Ambiguity in women’s policies
It was on my return flight from the Paris meeting of the world’s cosmetic giant L’Oreal held their “For Women in Science” program organized together with UNESCO for 18 years that I read a piece written by Family Minister Sema Ramazanoğlu in Turkish Airlines (THY) inflight magazine, Skylife.
She wrote about gender equality in the office. Minister Ramazanoğlu has been the target of many reactions especially on social media these days. She has been asked on social media to resign because of her statements defending Eser Foundation, a foundation involved in the alleged sexual abuse of 45 children.
In her piece, Ramazanoğlu stated that the rate of women managers in public administration in Turkey was 9.4 percent. She wrote that also as 12 percent of all CEOs were women, Turkey was in a better situation than other countries.
It is possible to associate this rate to family companies in the private sector. The real issue is the scarcity of women managers in the public sector. Ramazanoğlu has not mentioned in her piece what measures the state would take to increase this figure.
Another aspect she has not mentioned in her article is the fact that Turkey is 130th among 145 countries in the 2015 Gender Gap report of World Economic Forum.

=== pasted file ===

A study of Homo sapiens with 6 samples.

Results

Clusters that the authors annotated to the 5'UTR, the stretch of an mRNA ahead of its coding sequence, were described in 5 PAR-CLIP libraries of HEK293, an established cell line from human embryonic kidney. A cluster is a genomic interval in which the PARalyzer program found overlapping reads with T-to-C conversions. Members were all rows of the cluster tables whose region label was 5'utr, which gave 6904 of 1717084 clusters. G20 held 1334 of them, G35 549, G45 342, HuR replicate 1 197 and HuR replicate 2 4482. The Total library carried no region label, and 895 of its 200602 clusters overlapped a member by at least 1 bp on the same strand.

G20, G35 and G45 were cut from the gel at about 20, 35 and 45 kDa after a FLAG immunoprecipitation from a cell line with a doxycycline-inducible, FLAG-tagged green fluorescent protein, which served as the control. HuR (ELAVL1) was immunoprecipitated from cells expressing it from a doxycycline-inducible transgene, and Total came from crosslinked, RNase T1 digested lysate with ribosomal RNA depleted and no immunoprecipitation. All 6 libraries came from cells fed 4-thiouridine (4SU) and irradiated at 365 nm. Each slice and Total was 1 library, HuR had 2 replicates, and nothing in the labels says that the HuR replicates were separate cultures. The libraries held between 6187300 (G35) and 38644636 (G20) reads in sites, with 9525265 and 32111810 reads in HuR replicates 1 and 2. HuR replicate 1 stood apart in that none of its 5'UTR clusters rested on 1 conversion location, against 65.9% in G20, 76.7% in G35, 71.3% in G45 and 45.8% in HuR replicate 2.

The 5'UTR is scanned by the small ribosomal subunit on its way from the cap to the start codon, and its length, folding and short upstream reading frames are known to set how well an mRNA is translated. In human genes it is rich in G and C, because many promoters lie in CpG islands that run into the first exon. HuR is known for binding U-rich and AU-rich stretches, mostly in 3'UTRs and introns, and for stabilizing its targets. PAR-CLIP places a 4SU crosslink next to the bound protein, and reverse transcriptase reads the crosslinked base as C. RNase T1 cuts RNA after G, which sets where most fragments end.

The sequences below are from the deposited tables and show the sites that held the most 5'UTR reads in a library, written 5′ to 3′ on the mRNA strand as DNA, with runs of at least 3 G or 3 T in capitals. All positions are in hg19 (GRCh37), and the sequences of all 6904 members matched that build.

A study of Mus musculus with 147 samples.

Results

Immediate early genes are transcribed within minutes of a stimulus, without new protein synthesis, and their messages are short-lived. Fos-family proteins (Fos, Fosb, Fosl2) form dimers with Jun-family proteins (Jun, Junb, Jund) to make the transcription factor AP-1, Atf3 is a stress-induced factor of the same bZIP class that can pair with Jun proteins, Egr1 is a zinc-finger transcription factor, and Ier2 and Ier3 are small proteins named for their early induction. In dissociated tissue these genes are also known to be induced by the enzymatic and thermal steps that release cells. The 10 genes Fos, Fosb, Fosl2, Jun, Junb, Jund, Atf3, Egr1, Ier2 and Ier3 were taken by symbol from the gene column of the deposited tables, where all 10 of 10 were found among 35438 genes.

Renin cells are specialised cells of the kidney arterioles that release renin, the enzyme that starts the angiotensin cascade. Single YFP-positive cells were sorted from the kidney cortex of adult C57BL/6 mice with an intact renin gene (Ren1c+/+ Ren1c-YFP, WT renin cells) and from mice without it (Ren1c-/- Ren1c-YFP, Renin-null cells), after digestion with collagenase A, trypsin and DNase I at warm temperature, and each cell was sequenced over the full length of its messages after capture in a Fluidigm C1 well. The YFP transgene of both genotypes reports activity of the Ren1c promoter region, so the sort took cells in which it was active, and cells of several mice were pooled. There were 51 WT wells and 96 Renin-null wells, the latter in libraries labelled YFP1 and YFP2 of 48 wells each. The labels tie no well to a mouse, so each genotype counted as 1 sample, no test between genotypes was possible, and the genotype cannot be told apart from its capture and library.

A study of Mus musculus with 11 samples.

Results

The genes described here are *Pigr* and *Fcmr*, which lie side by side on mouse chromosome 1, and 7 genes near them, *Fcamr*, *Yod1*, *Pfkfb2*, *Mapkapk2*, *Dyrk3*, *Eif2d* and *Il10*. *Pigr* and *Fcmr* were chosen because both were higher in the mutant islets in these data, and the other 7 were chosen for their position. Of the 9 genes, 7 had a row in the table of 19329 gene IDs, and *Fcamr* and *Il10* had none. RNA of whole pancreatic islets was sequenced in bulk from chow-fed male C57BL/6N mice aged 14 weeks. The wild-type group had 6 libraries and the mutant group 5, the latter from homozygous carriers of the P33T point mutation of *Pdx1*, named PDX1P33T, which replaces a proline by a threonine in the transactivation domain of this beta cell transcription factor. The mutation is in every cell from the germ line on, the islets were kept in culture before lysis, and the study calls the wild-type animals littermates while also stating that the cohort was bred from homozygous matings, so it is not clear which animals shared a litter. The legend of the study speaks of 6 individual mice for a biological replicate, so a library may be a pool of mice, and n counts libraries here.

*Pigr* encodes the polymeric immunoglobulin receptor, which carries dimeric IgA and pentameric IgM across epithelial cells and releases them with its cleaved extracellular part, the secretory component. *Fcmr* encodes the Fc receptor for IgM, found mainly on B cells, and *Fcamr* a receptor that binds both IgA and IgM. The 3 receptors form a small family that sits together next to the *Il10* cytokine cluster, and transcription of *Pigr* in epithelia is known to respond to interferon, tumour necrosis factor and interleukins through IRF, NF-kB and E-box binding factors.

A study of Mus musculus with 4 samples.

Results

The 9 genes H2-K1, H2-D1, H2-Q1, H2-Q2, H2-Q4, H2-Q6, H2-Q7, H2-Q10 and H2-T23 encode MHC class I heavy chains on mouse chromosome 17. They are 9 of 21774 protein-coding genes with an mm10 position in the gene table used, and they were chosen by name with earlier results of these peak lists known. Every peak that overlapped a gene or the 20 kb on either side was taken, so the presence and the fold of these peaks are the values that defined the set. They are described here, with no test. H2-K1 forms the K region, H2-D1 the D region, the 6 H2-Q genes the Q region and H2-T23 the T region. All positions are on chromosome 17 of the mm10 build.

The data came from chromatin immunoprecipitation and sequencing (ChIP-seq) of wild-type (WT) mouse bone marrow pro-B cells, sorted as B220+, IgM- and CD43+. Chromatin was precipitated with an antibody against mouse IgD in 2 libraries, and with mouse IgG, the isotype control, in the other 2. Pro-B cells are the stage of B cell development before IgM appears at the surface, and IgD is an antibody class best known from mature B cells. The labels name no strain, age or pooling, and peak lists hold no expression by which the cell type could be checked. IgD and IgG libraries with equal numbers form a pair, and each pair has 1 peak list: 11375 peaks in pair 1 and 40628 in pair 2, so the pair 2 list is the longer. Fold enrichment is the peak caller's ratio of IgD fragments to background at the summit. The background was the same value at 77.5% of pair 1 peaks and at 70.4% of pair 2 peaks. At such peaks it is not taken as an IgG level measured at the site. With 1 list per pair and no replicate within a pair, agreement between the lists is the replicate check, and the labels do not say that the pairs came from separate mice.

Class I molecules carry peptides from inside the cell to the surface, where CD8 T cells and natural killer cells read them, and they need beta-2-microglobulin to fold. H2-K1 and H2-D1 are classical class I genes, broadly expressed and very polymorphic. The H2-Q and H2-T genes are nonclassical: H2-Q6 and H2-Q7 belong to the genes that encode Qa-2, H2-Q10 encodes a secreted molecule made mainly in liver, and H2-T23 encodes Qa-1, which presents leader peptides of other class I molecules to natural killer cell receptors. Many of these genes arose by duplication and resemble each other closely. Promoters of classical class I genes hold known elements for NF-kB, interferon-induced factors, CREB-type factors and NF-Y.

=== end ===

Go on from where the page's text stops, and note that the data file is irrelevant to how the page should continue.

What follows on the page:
She has not written about the 14.7 percent of female parliamentary deputies, 2.7 percent of female mayors and the group of village and neighborhood heads the president frequently hosts in the palace, only 1.3 percent of which are women.
Similarly, only 2.4 percent of governors are women, while 9.5 percent of university rectors are women and only 14.3 percent of ambassadors are women.
In Turkey, woman seems to be excluded from management in every sector.
The UNESCO L’Oreal ceremony’s motto was “The world needs science and science needs women.”
The same goes for Turkey. Empowering women makes a country leap. However, the government’s dealing of the women’s issues in Turkey is highly ambiguous.
I felt the need to use the adjective ambiguous, the one that foreign sources use for Turkey’s Syrian policies.
Because when I hear Family and Social Policies Minister Ramazanoğlu referring to the concept of “gender justice” instead of gender equality, I can only think of this adjective.
Wherever you go in the world, you can find the concept of gender equality in terminology and literature on women issues. In politics, in business and social life, in science, in all fields of art, the equality between women and men is defined as gender equality, full stop.
When I asked Ramazanoğlu in a meeting about two months ago what gender justice was, she told me, “We have adopted this concept because we want the opportunities between women and men to be distributed fairly and justly.”
Quite an ambiguous answer.
If this is truly the wish, then why are there so few women in the public sector?
In that same meeting, Ramazanoğlu said they have introduced flexible working hours for women to increase the amount of women employed.
Women’s Labor and Employment Initiative (KEİG) claims that the flexible working hours Ramazanoğlu has mentioned (in other words, part-time work hours) will negatively affect the employment of women as public employees and workers.
The situation in the pending bills on women’s employment and violence against women is just as ambiguous as “gender justice.”